What to Do If (When) Your Taxes Start Going Up
One variable that is hard to plan for in retirement is taxes. There are steps you can take, though, despite the uncertain tax landscape. We don’t even know what the tax rates will be next year, so how can you plan for 20 years or more in the future? We can’t say whether rates will be higher or lower, or if tax-preferred investments will change.
But not knowing doesn’t mean that you shouldn’t be planning.
Gather the Data
Gather all your investment and bank statements, and then calculate your net worth statement. In other words, figure out what you own and what you owe. Then divide your investments into two categories: taxable, such as brokerage accounts, and tax-deferred, like individual retirement accounts (IRAs), 401(k) and 403(b) plans and annuities.
Within the taxable accounts, list what you own that may have special tax treatment. Example: tax-free bonds. Within the tax-deferred category, look at your statements to see if you have any after-tax money that you contributed. In a company retirement plan, you will probably roll over the assets to an IRA when you retire. The after-tax contributions (not the growth) can be taken out and not rolled over.
Make A List of Different Types of Accounts
If you have different types of IRAs, make a list of what they are. For example, you may have deductible IRA contributions, non-deductible contributions and Roth IRAs. With Roth IRAs, you can withdraw these dollars tax-free in retirement.
It gets tricky with non-deductible IRAs. When you withdraw from these accounts, the contributions are tax-free, but the growth is taxable. It would be easy if you could take the contributions out first, but the laws don’t allow this. For every dollar you withdraw, some will be considered basis and some growth. The basis portion will be free while the growth will be taxable. What makes this even more confusing is that, if you have various IRAs including a rollover from a company plan, you need to look at all accounts when you calculate the tax-free percentage.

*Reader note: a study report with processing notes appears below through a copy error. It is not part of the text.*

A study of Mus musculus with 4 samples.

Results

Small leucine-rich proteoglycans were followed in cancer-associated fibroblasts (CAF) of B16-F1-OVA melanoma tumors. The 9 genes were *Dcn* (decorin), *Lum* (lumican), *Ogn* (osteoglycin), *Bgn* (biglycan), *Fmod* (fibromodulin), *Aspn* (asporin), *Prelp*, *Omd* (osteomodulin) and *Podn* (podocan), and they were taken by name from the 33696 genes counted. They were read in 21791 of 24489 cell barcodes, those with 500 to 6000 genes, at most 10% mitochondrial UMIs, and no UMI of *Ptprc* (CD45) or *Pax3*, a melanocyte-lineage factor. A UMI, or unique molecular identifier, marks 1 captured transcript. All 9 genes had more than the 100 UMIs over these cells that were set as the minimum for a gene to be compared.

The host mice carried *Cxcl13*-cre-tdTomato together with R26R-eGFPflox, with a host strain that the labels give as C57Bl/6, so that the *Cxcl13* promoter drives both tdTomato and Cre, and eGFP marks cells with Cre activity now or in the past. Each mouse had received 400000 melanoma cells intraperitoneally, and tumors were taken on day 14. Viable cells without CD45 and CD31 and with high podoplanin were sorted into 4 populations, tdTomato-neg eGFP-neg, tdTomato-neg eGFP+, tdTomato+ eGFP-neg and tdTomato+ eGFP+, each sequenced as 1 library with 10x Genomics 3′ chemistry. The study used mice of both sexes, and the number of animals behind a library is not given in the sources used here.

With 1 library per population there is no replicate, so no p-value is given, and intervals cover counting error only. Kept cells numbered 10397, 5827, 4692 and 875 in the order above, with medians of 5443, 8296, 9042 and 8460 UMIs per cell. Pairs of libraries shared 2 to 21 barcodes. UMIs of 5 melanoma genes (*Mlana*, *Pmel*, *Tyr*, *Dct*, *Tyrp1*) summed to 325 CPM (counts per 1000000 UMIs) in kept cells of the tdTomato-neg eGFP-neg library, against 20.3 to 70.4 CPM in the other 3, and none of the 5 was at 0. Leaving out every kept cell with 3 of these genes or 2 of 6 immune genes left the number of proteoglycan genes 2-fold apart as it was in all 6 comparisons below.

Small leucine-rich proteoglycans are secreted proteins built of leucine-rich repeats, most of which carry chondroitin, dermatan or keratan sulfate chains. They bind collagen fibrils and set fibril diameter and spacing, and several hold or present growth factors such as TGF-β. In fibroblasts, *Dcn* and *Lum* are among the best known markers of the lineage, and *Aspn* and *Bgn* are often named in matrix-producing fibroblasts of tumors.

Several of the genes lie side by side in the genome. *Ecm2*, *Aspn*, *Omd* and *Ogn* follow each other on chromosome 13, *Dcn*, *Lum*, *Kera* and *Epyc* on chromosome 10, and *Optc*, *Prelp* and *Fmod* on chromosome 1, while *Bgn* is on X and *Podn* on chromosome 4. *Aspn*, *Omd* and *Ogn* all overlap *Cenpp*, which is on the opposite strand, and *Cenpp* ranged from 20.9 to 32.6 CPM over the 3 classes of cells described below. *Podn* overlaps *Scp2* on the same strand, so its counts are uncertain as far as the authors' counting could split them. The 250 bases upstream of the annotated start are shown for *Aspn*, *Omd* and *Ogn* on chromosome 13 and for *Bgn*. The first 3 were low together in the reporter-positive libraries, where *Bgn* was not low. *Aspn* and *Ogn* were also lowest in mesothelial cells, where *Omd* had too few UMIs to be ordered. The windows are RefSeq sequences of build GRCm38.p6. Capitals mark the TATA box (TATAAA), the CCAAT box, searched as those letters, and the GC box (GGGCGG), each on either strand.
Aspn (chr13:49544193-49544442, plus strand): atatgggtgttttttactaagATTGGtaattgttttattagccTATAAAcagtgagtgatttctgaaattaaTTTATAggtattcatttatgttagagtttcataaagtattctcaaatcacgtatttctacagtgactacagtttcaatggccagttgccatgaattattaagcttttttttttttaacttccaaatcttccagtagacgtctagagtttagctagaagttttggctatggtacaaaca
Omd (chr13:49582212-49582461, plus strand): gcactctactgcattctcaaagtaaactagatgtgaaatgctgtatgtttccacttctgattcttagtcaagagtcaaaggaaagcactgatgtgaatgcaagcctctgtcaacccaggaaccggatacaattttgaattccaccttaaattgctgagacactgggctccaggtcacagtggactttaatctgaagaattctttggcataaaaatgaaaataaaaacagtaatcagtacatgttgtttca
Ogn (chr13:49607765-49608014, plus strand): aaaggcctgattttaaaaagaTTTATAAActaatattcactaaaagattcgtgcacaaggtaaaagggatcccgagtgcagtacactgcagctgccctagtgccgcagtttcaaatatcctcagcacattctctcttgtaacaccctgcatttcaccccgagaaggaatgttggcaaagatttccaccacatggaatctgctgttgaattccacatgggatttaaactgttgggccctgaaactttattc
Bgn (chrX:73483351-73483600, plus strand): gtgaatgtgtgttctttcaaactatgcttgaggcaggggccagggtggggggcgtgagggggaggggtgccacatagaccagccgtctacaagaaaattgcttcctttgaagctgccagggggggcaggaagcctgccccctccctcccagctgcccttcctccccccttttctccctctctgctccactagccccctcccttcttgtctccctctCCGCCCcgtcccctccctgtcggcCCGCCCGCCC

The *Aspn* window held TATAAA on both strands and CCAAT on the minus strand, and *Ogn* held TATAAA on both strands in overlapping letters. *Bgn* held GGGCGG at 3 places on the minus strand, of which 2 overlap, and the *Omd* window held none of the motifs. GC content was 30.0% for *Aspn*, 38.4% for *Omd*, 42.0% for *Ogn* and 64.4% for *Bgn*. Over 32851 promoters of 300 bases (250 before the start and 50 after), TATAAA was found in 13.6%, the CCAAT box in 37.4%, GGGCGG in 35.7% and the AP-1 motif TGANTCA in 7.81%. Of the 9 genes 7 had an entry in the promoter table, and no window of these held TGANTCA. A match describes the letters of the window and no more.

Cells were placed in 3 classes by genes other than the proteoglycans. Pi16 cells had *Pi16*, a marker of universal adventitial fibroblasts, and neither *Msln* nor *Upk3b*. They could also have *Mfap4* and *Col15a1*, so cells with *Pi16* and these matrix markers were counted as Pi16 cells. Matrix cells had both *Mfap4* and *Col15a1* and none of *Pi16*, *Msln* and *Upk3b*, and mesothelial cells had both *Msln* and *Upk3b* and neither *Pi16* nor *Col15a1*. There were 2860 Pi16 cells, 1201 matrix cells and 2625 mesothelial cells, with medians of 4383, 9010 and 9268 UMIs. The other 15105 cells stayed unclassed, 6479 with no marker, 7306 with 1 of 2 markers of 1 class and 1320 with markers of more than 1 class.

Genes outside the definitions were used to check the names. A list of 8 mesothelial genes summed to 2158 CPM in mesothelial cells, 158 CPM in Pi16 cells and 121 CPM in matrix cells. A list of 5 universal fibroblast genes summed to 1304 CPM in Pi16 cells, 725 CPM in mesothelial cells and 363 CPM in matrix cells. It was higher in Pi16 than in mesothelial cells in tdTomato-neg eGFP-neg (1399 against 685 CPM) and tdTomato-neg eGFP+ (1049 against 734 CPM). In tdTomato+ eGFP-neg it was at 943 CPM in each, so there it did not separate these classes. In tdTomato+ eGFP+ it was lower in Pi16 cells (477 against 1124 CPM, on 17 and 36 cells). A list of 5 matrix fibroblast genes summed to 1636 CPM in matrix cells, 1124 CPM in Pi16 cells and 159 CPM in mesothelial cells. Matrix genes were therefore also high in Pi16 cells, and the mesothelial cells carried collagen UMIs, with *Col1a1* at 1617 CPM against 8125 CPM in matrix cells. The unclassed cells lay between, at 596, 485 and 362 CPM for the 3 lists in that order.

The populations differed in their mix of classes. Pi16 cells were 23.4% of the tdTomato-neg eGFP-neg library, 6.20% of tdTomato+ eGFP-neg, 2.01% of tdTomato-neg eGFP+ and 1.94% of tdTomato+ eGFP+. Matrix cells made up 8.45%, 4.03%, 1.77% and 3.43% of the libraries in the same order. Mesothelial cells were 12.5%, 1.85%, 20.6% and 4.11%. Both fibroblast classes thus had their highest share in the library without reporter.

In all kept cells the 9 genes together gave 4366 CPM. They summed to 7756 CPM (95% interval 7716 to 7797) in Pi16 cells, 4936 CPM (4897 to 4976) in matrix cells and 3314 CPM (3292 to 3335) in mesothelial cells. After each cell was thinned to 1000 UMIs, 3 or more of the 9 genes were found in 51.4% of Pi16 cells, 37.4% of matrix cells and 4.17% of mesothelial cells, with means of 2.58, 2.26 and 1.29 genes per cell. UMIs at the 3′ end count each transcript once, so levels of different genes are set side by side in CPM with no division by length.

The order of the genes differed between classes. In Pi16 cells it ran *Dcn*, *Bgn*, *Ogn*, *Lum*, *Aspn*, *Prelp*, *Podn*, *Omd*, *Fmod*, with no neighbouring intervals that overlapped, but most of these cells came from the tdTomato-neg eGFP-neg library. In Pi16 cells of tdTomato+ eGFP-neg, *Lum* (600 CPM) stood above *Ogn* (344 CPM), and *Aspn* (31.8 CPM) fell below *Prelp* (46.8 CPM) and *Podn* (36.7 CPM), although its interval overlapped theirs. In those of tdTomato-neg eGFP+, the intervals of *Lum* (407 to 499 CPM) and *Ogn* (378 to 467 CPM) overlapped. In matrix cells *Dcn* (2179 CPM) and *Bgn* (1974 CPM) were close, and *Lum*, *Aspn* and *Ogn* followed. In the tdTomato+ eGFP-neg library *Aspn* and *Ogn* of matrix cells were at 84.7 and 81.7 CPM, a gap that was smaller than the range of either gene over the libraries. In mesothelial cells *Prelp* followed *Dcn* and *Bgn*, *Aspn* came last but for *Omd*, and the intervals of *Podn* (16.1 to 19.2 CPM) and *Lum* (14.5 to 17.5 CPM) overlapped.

Your non-deductible contributions should be listed on IRS Form 8606. If you never filed this form and made non-deductible contributions, the IRS assumes all the money in the IRA is tax-deferred and therefore taxable upon distribution.
Speak with your advisor or tax preparer immediately to correct this.
For IRAs inherited from original owners who have passed away on or after January 1, 2020, non-spousal beneficiaries are required to withdraw all assets from an inherited IRA or 401(k) plan within 10 years following the death of the account holder. The SECURE Act requires beneficiaries to withdraw all assets from an inherited IRA or 401(k) plan by December 31 of the 10th year following the IRA owner's death.
Exceptions to the 10-year rule include payments made to an eligible designated beneficiary (a surviving spouse, a minor child of the account owner, a disabled or chronically ill beneficiary, and a beneficiary who is not more than 10 years younger than the original IRA owner or 401(k) participant). These beneficiaries can "stretch" payments over their life expectancy. Discuss the potential tax implications and distribution options of this accelerated withdrawal schedule with your tax advisor.
Define Your Retirement Goals
Now that you collected and organized your information, make a list of your retirement goals in measurable terms. Take into account when you will retire, how much you will need and where you want to live. Will you sell your house? Even if you are many years from retirement, start the thought process now.
Each year, revisit your goals and make adjustments as needed.
How Do Taxes Fit In?
Retirees often find that they have more income than they thought they would, especially when turning 72. That’s the magic age that Required Minimum Distributions (RMDs) kick in. Even when you aren’t working, you have income to pay taxes on. A slight change in tax rates can have a large impact on your finances, especially when compounded over many retirement years.
It is probably wise that you plan based on current tax laws. Whether rates go up or down, chances are your tax-deferred money will still be taxable, and capital gains and qualified dividends will still have preferential treatment. Over the next two decades, tax rates likely will rise in some years and fall in others. So what to do?
When planning, build in a higher tax rate to some of your assumptions. See how that impacts your planning. It’s better to be safe than sorry. For instance, when deciding where to live, even if you plan to live in a state with no income tax, consider including some state tax in your projections.
States that currently have no income tax might institute one in coming years. If this doesn’t happen, then you have extra savings to enjoy. You want your retirement years to be a stress-free as possible, so invest a little time now to plan for the future.
If all of this is overwhelming, reach out to your financial advisor for guidance.